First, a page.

A Common Root Cause of Various Eating Disorders

An individual’s body image has a significant effect on his or her overall health. A negative body image can lead to a variety of different problems, including the development of eating disorders. Below is some basic information about body image and how it can impact an individual’s life.

What Is Body Image?

Body image is defined as the way an individual perceives himself or herself in his or her mind. Body image also affects what an individual sees when he or she looks in the mirror. Some specific examples of body image include:

  • How an individual senses his or her body when moving
  • How an individual feels about his or her shape, height and weight
  • What an individual believes about his or her appearance

An individual who has a healthy body image will have a clear, accurate perception of his or her shape. He or she will also accept this natural body size and shape, feel confident in his or her body and recognize that his or her appearance isn’t the most important determinate of value.

An individual with negative body image, on the other hand, will have a distorted perception of his or her shape. People who have a poor body image often feel like their bodies are highly flawed when compared to other people. This leads to self-consciousness, depression, anxiety, and shame. In addition, body image issues may contribute to the development of other mental health problems, such as eating disorders. Although body image issues may not be the only cause of eating disorders, the connection between body image and eating disorders is supported by research.

Body Image Disorders

Most people will struggle with their body image from time to time. However, when this problem becomes more severe and is detrimental to the individual’s mental health, physical health or quality of life, it may be considered a body image disorder. Perhaps the most common example of a body image disorder is body dysmorphic disorder, which occurs when an individual develops a persistent preoccupation with a small or imagined defect in his or her appearance.

For example, an individual who is underweight or at a healthy weight may become obsessed with weight loss. Likewise, an individual may become preoccupied with building larger muscles, getting a smaller waistline or changing some other aspect of their appearance that is not abnormal or deficient.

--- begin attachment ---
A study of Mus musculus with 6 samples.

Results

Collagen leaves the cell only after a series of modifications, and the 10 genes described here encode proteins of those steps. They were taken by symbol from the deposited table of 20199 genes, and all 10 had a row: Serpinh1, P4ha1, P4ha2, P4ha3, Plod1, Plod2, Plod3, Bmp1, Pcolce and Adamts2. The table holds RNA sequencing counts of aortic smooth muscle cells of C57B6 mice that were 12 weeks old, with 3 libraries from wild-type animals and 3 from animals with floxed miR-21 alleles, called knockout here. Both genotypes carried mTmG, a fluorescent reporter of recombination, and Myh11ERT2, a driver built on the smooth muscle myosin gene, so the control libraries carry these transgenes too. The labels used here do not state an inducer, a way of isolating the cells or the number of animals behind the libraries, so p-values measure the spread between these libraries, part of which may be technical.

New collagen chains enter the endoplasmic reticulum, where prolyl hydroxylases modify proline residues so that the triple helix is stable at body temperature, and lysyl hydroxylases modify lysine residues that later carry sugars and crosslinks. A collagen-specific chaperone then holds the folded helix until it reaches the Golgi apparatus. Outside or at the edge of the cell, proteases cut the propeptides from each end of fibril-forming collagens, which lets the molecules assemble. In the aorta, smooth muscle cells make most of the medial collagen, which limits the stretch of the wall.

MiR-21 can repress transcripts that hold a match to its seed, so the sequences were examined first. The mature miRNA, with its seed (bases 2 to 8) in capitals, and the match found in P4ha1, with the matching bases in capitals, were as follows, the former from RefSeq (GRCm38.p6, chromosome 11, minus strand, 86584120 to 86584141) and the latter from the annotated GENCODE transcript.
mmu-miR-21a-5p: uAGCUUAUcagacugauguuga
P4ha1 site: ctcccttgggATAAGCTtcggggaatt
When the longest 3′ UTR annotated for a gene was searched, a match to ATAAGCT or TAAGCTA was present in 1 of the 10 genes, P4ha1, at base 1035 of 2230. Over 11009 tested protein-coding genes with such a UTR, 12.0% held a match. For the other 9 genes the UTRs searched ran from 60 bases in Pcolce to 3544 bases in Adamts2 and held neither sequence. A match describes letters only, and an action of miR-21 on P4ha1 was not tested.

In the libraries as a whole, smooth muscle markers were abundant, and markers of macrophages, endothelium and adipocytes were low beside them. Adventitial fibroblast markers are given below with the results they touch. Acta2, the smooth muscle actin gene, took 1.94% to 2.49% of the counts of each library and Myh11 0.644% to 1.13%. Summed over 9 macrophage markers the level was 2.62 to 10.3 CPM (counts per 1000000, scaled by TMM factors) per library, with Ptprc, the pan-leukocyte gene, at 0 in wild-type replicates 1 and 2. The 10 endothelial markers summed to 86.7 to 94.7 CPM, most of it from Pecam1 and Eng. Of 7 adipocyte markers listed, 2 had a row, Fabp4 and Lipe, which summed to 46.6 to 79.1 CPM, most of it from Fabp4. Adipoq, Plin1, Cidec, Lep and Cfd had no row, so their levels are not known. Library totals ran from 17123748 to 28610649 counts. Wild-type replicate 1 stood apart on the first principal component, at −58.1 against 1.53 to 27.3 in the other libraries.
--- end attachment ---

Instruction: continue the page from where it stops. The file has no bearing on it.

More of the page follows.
How Do Body Image Problems Contribute to Eating Disorders?

For most people, body image problems begin at a young age. Even girls in early elementary school begin expressing concerns about their weight or body shape. As children age, the problem tends to become more serious. According to a study conducted in 2005, as many as one-third of teenage boys and one-half of teenage girls admit to using unhealthy behaviors in an attempt to lose or maintain weight, such as purging, smoking, fasting or skipping meals.

Although body image problems are commonly associated with young females, these issues can affect people of all genders, ages, and cultures. In many cases, body image problems develop because of societal and cultural pressures, such as unrealistic portrayals of the “ideal” body shape.

Treating Body Image and Eating Disorders

Body image and eating disorders often go hand-in-hand. In such cases, both disorders should be treated concurrently. For example, if an eating disorder is caused by body image problems, resolving these problems will make it easier to treat the eating disorder itself.

Treatment for body image disorders varies and should be customized to meet the needs of each individual patient. For example, some doctors recommend that patients join a body image therapy group to discuss these issues with other people who are going through similar problems. Psychotherapy can also be helpful to people struggling with body image disorders and/or eating disorders.

Resolving problems with body image requires ongoing treatment and a strong commitment to self-help on the part of the individual. However, with the right treatment, many people who have struggled with these problems are able to improve their mental health, physical health, and quality of life.